By Elias Hazou
THE CENTRAL Bank of Cyprus (CBC) announced late on Monday that it was placing FBME Bank – rocked by money laundering allegations – under resolution.
In a short statement, the regulator said the move was intended to protect depositors. The announcement came out after the Resolution Authority – including the finance minister and the Central Bank governor – issued a decree on the sale of FBME Bank’s operations in Cyprus.
The decree, which has immediate effect, notes that additional resolution measures may be taken if deemed necessary.
Although the bank is solvent, it’s understood that its operations have been dealt a serious blow after US and German financial institutions stopped transacting with it, in the wake of the money laundering allegations. Had the bank’s branch here declared bankruptcy, the Cypriot state – itself broke – might then have found itself having to backstop the bank’s insured deposits (up to €100,000).
Placing the bank under resolution would pre-empt that, sources explained.
FBME was placed under the administration of the CBC last week, hot on the heels of a US Treasury report implicating the lender in money laundering.
In a statement earlier on Monday, FBME said CBC staff “have been present at FBME Cyprus since the afternoon of 18 July 2014, monitoring and approving payment instructions. It is intended that this will be a temporary measure to resolve the situation arising from the US Department of the Treasury announcement and will serve to mitigate the impact on the Bank of the allegations that have been made.”
It added: “FBME is working with the CBC to address the current situation and to reassure the market that FBME continues to act in accordance with current regulations.”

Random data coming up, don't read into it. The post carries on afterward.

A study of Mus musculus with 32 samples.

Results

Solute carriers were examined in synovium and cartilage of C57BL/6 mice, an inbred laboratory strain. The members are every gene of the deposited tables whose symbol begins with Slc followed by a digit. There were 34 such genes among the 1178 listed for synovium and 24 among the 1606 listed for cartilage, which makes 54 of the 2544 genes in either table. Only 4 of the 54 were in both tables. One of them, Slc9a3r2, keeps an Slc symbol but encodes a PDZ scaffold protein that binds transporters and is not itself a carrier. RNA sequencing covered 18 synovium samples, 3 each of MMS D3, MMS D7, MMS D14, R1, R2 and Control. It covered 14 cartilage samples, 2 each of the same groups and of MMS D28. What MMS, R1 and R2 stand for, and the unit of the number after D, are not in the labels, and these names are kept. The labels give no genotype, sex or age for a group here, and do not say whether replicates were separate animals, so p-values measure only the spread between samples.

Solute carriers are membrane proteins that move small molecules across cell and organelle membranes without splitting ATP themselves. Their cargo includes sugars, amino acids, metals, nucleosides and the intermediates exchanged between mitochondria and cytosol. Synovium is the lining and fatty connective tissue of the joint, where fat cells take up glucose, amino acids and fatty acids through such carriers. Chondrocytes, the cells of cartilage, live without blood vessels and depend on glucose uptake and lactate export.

The Tanzania-chartered lender went on to say that the allegations of the US Treasury Department “were made without prior notification to FBME or presenting us with the opportunity to comment on them, and in an effort to address the matter the Bank has instructed specialist advisors to engage with the US authorities with a view to resolving the issues and to temper the adverse impact of the announcement.”
The CBC took over the operations of the Lebanese-owned FBME Bank in Cyprus on Friday, a day after the US Treasury Department announced it was blacklisting FBME for alleged links to Hezbollah.
Asked by the Mail, Central Bank sources said earlier on Monday that the regulator has the power to revoke FBME’s licence at any time should this action be warranted. The same sources, who requested anonymity, said a team of about eight CBC staff were now stationed at FBME, monitoring all payment transactions.
They declined to comment on whether the US Treasury’s allegations have been substantiated to any degree.
“Obviously, the current arrangement [FBME administration by the Central Bank] cannot go on forever,” they said, adding rather cryptically that it was “a matter of days” before the situation clears up.
Last Thursday the US Treasury accused FBME, which though chartered in Tanzania operates primarily in Cyprus, of facilitating financial activity for transnational organised crime and Hezbollah, calling it a “primary money laundering concern”.
The Mail moreover understands that US authorities first became ‘interested’ in FBME at least two years ago; during this time the Americans had been at work gathering hard data on the lender.
FBME was originally established in Cyprus in 1982 as a subsidiary of the Federal Bank of Lebanon SAL.
The US Treasury report, dated July 15, listed a number of suspicious transactions and legal violations from FBME over the last decade, including allegations that a bank customer “received a deposit of hundreds of thousands of dollars from a financier for Lebanese Hezbollah”.
“FBME was involved in at least 4,500 suspicious wire transfers through U.S. correspondent accounts that totalled at least US$875 million between November 2006 and March 2013,” the report said.
The findings open the process to institute special measures against the bank and all of its subsidiaries. The Treasury Department has proposed applying the “Fifth Special Measure” under the US Patriot Act, which blocks US financial institutions from carrying out any transactions with the sanctioned bank. There is a 60-day comment period from the publishing of the Treasury Department report before any final action can be taken.